Thousands of backpackers, canoeists and hunters have had a cozier time around the campfire thanks to Robert Dustrude.

The northern Minnesota man invented a lightweight, packable, folding camp saw — the Bob Dustrude Quick Buck Saw — that was a bestseller.

For decades, Dustrude made the saws in the workshop of his home on Swan Lake in Pengilly, Minn. He continued making them almost to the day he died March 10 at the age of 97. It was the end of a long, inventive life for an outdoorsman who rode motorcycles as a youth, flew a P-51 Mustang fighter plane during World War II, drove to Alaska for his honeymoon and used a homemade sail to speed across frozen lakes on ice skates as a senior citizen.

Dustrude, who was born in Oconomowoc, Wis., was always fascinated with aviation. During his 1938 high school graduation, he gave a salutatorian speech titled "We Need More Air Pilots." During World War II, he enlisted in the U.S. Army Air Corps and became a decorated fighter pilot, escorting bombers over Europe. He flew 57 missions and was awarded a Distinguished Flying Cross, an Air Medal and four Bronze Stars.

"He had a couple of close calls," said his son, Jim Dustrude. "He did crash once. He said he learned a lot from that."

Once while on leave from the Army, he went home to Hartland, Wis., and visited his old high school football coach, who told him he should meet the new physical education teacher. Dustrude ended up marrying her.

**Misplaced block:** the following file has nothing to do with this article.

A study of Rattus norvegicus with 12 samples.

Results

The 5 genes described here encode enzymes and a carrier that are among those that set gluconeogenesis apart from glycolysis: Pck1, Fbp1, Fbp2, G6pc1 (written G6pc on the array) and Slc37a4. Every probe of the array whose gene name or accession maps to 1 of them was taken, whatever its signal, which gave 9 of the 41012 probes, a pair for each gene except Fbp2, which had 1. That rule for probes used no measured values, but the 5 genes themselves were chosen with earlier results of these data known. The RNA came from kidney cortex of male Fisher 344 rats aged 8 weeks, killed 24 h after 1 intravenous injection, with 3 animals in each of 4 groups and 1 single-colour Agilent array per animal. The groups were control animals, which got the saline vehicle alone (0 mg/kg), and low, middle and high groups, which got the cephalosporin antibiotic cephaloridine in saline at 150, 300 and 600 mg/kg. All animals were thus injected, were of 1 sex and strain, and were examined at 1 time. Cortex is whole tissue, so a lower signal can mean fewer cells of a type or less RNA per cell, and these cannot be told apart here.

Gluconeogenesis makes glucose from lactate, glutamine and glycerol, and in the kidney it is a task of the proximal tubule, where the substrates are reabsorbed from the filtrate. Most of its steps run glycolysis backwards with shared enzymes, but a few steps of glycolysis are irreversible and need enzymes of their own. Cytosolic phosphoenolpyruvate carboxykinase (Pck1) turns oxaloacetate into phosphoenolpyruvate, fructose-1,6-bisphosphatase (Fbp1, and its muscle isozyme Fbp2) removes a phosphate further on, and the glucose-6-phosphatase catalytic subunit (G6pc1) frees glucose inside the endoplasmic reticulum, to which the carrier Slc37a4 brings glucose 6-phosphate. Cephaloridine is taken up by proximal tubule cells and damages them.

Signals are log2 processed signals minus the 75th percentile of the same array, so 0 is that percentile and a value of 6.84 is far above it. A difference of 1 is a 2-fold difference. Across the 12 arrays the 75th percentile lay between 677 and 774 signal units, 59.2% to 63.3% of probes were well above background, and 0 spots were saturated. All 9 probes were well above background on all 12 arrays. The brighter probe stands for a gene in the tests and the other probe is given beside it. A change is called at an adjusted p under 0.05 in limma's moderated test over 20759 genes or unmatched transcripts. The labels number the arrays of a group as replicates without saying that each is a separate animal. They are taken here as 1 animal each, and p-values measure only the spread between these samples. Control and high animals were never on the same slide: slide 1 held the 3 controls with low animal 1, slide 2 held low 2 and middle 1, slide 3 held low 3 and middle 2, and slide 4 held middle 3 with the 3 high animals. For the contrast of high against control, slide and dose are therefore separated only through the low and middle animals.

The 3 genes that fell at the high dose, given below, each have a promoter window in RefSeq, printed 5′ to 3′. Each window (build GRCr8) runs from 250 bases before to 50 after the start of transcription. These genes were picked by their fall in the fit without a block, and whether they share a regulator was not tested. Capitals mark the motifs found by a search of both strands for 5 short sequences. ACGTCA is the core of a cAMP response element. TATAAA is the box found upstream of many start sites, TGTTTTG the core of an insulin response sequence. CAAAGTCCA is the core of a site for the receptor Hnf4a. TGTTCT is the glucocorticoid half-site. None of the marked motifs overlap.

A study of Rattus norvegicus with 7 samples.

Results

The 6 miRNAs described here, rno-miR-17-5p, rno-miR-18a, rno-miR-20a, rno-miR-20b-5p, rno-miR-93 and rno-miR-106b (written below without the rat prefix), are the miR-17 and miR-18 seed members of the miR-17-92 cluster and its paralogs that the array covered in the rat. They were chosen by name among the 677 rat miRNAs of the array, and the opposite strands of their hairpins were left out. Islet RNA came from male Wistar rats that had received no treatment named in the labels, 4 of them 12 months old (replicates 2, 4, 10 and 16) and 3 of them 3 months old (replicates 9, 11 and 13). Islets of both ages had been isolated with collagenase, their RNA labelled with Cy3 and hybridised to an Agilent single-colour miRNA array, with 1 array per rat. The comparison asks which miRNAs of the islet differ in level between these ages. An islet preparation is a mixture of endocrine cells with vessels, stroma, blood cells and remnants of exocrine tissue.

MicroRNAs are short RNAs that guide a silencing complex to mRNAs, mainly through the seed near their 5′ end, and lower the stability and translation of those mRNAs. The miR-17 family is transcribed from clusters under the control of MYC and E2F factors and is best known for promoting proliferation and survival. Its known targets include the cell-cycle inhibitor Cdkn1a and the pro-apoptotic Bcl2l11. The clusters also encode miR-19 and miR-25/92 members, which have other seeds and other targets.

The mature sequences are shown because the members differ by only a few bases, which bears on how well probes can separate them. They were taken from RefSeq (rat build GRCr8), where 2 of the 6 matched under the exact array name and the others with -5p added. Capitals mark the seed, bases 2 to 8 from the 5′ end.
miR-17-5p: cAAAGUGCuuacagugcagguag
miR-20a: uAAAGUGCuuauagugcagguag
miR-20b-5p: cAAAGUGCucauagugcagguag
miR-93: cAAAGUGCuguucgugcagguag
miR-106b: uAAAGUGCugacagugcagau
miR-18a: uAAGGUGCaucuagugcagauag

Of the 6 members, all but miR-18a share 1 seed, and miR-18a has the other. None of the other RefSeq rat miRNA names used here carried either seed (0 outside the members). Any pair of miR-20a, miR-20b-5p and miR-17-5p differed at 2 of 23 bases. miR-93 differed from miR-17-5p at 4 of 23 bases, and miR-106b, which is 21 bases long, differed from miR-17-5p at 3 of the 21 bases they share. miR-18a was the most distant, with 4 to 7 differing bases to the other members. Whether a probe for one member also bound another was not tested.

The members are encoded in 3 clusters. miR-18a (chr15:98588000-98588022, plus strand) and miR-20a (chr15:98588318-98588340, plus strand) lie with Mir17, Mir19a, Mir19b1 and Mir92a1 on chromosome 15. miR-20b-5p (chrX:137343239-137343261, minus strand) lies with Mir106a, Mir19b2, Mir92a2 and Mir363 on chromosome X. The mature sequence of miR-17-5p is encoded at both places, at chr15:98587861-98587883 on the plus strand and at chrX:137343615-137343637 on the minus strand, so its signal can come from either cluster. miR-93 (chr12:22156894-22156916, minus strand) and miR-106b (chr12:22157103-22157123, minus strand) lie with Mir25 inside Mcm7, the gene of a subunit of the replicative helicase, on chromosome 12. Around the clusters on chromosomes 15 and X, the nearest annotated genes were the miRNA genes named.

After the war he and his wife, Margery, bought a Willys Jeep and towed a homemade tent trailer to Alaska on the new Alaska Highway for their honeymoon. They were married 63 years.

After getting a mining engineering degree from the University of Wisconsin-Madison, Dustrude worked much of his life for Hanna Mining in Nashwauk, Minn.

In his spare time, he designed and made new tools for mining, a redwood strip canoe, wooden airplane models, a raft with a high dive and a log cabin on Twin Lakes from trees he felled himself.

He modified a 1956 Ford two-door sedan, creating beds for his four children where the back seat had been. Then he got a 1960 Volkswagen microbus, which he customized to sleep the family of six. The vehicles were used on cross-country camping trips from the Florida Keys to Yosemite.

While he was camping, he devised a way to improve the folding camping saws available. He made several versions of his saw, then drove around the state to hardware stores to market his invention.

One of the places that started selling Dustrude saws was outdoor retailer Duluth Pack.

"It was a better mousetrap," said Tom Sega, Duluth Pack president. "It's so simple, lightweight and strong, and it worked like crazy."

Dustrude continued making saws after he retired, even after he broke his hip and had to bump down the stairs to his basement workshop on his rear end.

On March 8, he was making saws when he called his daughter, Suzanne Dustrude Starr, and told her he was having a heart attack. He was airlifted from Hibbing to a hospital in Duluth.

"He was disappointed he couldn't see out the window of the helicopter," Starr said. "He loved to fly."

Doctors put stents in his arteries and he seemed to be doing well, singing to his nurses and looking forward to getting back home. Shortly after taking a walk in the hospital, however, he collapsed and died.

His family plans to keep making Dustrude saws.

Survivors include his brother, John; sons Jim, Michael and Mark; daughter, Suzanne, and two grandchildren.

A memorial service will be held Sunday at 1 p.m. at the Pengilly United Methodist Church.